Click here to read more articles from Candlepower.
Stroll through the hipper districts of any American city in 2014 and you may experience the sense of time being slightly out of joint. On shop signs and menus, words that last flourished a couple of centuries ago—or earlier—have been making a comeback. But no word from the distant past is as antique, or as popular in commerce in so many disparate ways, as apothecary
Click here to read more articles from Word Count.
Double negatives are supposed to be a bad thing. Using two negatives in one clause is not only ungrammatical, it's illogical: it creates an unintended positive meaning. According to this thinking, if you say "Studying grammar rules won't do you no good," you're really saying, "Studying grammar rules will do you good."
Click here to read more articles from Evasive Maneuvers.
I've spent 81.7% of my life watching Seinfeld,
but I just realized I never mentioned a Seinfeldian euphemism in one of my columns. Bagel technician,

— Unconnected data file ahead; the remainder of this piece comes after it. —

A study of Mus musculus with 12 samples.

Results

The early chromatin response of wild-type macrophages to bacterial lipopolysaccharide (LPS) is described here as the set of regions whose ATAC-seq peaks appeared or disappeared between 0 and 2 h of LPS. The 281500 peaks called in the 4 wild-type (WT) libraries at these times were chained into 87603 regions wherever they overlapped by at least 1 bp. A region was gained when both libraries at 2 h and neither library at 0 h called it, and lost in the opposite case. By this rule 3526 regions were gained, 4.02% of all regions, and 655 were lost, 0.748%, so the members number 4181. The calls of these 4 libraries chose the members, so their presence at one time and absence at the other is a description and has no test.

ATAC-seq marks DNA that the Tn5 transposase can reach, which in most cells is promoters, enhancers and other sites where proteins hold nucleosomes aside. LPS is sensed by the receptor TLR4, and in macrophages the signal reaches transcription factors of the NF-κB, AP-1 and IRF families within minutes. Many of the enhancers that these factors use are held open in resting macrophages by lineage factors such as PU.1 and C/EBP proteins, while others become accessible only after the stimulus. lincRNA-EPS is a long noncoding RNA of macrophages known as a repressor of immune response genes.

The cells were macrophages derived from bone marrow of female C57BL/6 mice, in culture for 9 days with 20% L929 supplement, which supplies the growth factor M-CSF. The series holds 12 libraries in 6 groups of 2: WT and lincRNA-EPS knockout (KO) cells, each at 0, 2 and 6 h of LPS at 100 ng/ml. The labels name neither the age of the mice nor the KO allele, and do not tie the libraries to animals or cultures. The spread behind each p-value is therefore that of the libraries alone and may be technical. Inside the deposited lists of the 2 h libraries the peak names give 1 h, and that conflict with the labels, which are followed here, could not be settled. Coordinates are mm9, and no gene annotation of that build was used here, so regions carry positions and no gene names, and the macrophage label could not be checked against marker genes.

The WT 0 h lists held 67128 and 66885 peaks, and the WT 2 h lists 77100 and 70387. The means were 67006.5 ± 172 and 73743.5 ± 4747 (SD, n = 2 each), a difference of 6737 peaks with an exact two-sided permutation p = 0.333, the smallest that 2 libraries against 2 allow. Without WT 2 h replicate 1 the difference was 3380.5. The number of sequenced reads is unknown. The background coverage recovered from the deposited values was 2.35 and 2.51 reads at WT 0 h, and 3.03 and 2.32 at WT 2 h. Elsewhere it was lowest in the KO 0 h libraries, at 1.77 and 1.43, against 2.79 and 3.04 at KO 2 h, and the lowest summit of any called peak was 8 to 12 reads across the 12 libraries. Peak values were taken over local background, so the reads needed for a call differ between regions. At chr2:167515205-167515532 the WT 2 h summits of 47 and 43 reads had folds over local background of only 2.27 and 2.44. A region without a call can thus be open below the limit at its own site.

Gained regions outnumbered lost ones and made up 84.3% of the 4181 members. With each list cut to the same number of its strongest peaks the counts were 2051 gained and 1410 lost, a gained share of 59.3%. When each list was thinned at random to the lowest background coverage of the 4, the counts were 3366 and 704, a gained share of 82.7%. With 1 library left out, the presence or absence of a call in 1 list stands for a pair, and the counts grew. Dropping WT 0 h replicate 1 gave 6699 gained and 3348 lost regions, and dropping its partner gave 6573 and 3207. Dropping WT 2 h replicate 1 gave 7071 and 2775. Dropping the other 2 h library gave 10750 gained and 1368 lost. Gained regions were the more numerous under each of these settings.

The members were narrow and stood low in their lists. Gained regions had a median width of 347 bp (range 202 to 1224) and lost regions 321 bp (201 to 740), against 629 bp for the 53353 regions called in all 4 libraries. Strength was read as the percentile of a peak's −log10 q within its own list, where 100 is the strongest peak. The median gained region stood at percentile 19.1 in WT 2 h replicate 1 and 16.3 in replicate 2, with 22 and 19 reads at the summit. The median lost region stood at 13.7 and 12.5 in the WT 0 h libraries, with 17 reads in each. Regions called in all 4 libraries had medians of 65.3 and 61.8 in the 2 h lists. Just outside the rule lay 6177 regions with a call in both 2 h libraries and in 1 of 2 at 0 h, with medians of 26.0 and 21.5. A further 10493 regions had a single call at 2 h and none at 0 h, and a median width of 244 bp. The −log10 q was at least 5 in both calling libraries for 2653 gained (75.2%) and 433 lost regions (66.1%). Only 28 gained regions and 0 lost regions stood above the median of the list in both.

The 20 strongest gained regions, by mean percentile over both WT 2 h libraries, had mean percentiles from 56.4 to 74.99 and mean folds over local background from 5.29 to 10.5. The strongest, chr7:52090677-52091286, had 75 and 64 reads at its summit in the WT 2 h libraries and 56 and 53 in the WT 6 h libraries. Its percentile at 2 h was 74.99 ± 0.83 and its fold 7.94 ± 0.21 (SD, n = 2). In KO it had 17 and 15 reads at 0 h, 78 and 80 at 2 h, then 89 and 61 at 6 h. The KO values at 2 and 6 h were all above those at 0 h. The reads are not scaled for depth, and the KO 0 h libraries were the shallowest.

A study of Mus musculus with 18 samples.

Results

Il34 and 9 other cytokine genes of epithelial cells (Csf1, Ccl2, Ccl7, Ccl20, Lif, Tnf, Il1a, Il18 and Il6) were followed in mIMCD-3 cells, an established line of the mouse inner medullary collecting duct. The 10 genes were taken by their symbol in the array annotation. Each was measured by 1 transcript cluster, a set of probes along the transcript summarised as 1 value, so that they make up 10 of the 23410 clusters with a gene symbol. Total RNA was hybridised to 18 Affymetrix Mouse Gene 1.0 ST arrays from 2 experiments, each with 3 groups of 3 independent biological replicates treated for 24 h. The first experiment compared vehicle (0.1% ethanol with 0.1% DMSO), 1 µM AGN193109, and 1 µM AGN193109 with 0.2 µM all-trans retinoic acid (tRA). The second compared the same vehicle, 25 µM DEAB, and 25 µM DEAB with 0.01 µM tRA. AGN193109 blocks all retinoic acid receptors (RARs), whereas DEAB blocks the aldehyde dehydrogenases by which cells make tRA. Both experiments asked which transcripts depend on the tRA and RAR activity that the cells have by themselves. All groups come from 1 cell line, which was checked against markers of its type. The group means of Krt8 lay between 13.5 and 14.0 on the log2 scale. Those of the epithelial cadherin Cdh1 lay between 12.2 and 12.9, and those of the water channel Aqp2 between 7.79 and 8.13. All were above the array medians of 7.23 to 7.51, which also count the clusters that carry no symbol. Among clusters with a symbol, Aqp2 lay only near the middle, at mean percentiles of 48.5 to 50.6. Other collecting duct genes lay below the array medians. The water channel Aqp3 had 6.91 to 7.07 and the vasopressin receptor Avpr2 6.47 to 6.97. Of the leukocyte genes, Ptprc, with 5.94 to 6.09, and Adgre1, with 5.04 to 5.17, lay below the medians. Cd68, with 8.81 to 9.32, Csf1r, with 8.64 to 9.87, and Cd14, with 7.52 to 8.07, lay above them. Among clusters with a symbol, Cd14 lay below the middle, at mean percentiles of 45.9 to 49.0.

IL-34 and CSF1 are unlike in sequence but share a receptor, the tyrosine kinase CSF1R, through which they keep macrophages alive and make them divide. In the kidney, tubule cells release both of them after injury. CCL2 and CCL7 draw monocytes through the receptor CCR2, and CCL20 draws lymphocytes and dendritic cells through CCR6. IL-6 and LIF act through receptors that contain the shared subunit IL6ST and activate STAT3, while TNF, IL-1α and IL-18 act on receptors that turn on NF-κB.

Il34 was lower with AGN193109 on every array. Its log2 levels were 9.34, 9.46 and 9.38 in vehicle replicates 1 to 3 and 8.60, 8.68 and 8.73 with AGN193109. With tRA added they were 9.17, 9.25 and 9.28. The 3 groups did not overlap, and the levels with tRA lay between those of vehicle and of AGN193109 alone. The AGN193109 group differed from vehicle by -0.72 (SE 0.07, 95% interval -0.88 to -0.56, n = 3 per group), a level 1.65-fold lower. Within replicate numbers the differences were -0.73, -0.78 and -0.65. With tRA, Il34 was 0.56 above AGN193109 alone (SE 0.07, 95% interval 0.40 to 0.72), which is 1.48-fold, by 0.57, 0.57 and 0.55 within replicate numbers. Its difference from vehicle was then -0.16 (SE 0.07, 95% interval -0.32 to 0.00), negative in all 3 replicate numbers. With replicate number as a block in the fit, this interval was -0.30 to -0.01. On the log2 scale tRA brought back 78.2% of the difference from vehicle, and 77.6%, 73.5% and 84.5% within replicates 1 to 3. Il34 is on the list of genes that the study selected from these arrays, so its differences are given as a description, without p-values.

meaning someone who makes bagels, is the preposterous title on Kramer's business card during "The Strike" episode, which is better known for launching the holiday Festivus.
Click here to read more articles from Language Lounge.
Back in the old days (pre-Internet), when life was simpler, dictionaries were thought to carry a certain authority. People consulted them in order to learn or verify the proper and accepted meaning of words, to resolve disagreements, and sometimes to find an authoritative hook on which they could hang arguments. Today, the Internet and other technological developments make those scenarios a little less dependable and straightforward.